A Fallout 4 Retrospective.
I wanted to love Fallout 4. I enjoyed the third installment, and I bought it the day of release. Since that day I’ve been mulling over why it fell so flat for me.
Im reluctantly allowed to be a woman.
The introduction was my first red flag. The game opens with an FMV intro, the protagonist narrating his experience in the war: “War never changes” he says when we see his face in a bathroom mirror where you can proceed to edit him, or change his gender to female and his wife steps forward to preen in the mirror.
I’m used to starting games and loading into character creators as a man. I’m used to being an alternative. “Can I have the fantasy story but substitute the male lead for a female one?” But rarely do games give the protagonist a voice and narrative at the get go. He’s a veteran. He’s seen some shit. The dark hearts of men, their constant vengeful nature, the innate bloodlust. Build, then destroy.
I’m the wife. My story is a degree on the wall. One asset. “I’m so proud of my wife.” I’d say, if I was playing as a man.
Learn the value of silence.
When I first started FO4, I fell off almost immediately. I attributed it to flat writing (among other things), but really was it different from FO3? Or Skyrim? Both games that I’d spent hours playing and replaying.
I decided to replay FO4, only this time I turned off the dialogue camera and played the game on mute. I listened to music and podcasts instead. Instead of following the beats of the main story, I went my own way. It was like FO4 was explaining the specials to me while I browsed the menu. And while the experience wasn’t great, it was improved. Fallout is better as a shoebox diorama. The stories are shallow, but much their worlds can feel vast. Finding a little hut, unmarked on the map, and a mattress, clean water, a dead body; it feels like discovering a person’s life, however small. The less Fallout shows you around, the more the illusion of competent narrative stays intact.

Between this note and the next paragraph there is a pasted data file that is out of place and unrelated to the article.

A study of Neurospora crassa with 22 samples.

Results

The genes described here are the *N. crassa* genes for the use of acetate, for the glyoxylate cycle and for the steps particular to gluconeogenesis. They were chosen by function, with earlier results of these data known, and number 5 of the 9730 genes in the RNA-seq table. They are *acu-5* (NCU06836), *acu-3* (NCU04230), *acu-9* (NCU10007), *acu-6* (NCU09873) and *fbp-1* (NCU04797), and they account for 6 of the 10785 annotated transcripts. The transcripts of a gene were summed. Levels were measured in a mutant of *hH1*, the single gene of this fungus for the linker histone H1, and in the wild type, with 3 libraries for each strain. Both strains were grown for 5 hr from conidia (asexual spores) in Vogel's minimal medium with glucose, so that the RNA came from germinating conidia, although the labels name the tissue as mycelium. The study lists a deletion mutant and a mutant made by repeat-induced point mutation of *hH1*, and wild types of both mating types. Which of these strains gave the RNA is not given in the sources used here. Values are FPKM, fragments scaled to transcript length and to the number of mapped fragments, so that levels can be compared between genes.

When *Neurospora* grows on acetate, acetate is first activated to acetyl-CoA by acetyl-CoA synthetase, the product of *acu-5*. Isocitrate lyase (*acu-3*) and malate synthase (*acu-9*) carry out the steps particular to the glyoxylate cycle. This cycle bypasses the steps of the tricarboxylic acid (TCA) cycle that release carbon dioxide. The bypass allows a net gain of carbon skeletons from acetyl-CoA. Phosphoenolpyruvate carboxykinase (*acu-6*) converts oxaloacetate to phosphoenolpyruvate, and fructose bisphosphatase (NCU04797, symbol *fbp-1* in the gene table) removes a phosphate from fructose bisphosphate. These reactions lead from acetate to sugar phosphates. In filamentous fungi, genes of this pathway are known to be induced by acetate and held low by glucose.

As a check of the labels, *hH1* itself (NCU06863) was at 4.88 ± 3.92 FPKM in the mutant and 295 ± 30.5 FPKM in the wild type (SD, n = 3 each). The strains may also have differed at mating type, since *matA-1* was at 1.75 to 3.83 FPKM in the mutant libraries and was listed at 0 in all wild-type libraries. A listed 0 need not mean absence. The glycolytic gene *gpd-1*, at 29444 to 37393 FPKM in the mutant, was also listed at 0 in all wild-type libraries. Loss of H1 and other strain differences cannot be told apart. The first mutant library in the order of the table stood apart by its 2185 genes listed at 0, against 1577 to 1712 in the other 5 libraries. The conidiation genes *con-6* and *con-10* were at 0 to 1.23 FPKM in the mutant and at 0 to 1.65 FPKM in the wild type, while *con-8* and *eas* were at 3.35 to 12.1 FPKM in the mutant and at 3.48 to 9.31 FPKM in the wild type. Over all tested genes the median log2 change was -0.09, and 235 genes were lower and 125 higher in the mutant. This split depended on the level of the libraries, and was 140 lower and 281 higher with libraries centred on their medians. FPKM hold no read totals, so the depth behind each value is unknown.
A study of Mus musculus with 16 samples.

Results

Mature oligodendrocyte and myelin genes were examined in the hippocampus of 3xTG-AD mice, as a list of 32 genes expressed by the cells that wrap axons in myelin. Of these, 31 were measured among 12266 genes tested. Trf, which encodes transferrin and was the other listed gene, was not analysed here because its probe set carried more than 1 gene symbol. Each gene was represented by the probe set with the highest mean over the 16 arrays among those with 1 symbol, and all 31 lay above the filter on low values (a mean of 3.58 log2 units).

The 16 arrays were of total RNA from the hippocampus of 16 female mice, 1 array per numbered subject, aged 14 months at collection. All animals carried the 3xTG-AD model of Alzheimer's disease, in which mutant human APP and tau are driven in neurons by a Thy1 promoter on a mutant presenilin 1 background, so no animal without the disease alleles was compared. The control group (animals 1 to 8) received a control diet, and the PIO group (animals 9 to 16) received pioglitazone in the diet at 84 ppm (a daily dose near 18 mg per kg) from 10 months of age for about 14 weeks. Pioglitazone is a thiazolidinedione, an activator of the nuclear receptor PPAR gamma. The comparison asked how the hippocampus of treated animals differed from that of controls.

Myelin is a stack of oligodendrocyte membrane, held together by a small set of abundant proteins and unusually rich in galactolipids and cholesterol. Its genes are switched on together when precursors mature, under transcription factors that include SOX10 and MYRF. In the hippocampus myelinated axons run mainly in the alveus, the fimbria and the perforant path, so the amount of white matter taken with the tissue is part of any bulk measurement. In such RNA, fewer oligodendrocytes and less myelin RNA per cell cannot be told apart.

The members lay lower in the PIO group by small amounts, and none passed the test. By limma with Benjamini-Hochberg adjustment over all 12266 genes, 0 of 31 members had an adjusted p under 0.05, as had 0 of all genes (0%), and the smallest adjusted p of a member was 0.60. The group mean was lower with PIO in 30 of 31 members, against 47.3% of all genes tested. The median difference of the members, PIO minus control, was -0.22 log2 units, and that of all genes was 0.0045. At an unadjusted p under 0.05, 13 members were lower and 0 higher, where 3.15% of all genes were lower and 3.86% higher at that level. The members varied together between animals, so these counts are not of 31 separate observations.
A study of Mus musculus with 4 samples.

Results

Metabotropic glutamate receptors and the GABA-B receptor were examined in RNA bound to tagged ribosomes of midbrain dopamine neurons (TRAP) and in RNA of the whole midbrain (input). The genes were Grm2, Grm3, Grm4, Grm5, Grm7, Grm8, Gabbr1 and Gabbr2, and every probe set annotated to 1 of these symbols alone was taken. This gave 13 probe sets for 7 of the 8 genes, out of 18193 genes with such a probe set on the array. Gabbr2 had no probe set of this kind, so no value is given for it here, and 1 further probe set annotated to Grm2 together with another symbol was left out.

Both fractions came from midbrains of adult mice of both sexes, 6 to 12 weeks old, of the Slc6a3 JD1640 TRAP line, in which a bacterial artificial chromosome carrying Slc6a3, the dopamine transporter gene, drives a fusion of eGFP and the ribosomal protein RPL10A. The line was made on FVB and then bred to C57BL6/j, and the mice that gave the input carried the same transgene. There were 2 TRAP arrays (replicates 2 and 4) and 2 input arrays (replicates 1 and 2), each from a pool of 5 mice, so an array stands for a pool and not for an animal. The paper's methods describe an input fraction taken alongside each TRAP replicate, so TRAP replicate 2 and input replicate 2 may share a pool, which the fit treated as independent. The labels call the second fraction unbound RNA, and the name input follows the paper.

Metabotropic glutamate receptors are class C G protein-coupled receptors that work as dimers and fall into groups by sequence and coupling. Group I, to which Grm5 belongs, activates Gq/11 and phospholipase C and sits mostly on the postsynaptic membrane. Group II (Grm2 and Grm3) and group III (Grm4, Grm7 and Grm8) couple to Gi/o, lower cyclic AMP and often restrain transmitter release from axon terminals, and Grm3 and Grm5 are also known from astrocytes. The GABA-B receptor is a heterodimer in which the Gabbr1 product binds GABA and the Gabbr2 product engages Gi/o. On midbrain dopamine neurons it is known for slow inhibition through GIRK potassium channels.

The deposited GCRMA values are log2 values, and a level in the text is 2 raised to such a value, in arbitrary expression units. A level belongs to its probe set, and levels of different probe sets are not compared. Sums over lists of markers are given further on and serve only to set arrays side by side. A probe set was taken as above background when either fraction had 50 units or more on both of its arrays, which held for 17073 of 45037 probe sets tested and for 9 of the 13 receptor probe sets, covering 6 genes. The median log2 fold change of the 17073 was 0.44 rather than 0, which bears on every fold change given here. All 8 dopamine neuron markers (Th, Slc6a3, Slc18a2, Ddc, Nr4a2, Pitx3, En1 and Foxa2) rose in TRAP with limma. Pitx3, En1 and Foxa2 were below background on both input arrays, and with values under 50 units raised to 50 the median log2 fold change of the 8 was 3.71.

And let’s discuss the dialogue camera, which moves in shot reverse shot while engaged in dialogue. Something like that works for games that orchestrate their dialogue scenes. Dragon Age or Mass Effect, for example, control what you see, the character expressions, and their poses. But those game are narratively tighter. Dragon Age Inquisition even forgoes this at times, giving us a third person perspective of the conversation instead. That’s because being that close to a face and its movements can cause dissonance in the player.
For example, Fallout 4 has a mechanic where characters will say something sad, pause, then make an uncomfortable face. Less can be more. Human minds are brilliant at filling gaps, but also at picking out incongruences. When possible, rely on the former to prevent the latter.
Nor does the player have much control of the player characters anyway. The dialogue wheel obfuscates the actual dialogue, which doesn’t matter much because the dialogue doesn’t offer the chance to roleplay. You can be a dick, be placid, make criminally unfunny ‘jokes’(???), or ask a question. And none of this makes much of a difference because all interactions boil down to ‘yes, I’ll d0 this quest’ or ‘no, I won’t do this quest’. And all of the quests boil down to ‘yes, I did as I was told’ or ‘I didn’t finish the quest’.
Which is to say that Fallout 4 maintains the pretense of a roleplaying game while eschewing what makes a roleplaying game fun. And realizing that was when Fallout 4 became fun for me. When I realized I would engage with the story only from my couch, and not from inside the game. My choices wouldn’t change the world of Boston, but I could experience the pleasure of exploring a shady meat packing factory, or meeting a radio theater group, or discovering the Fallout universe’s ironic Walden Pond.
And I couldn’t fully blame Fallout for that. There’s a way I’ve been trained to play games and cast my disposition before starting one. But there are also ways to subvert that training, and Fallout 4 doesn’t do that.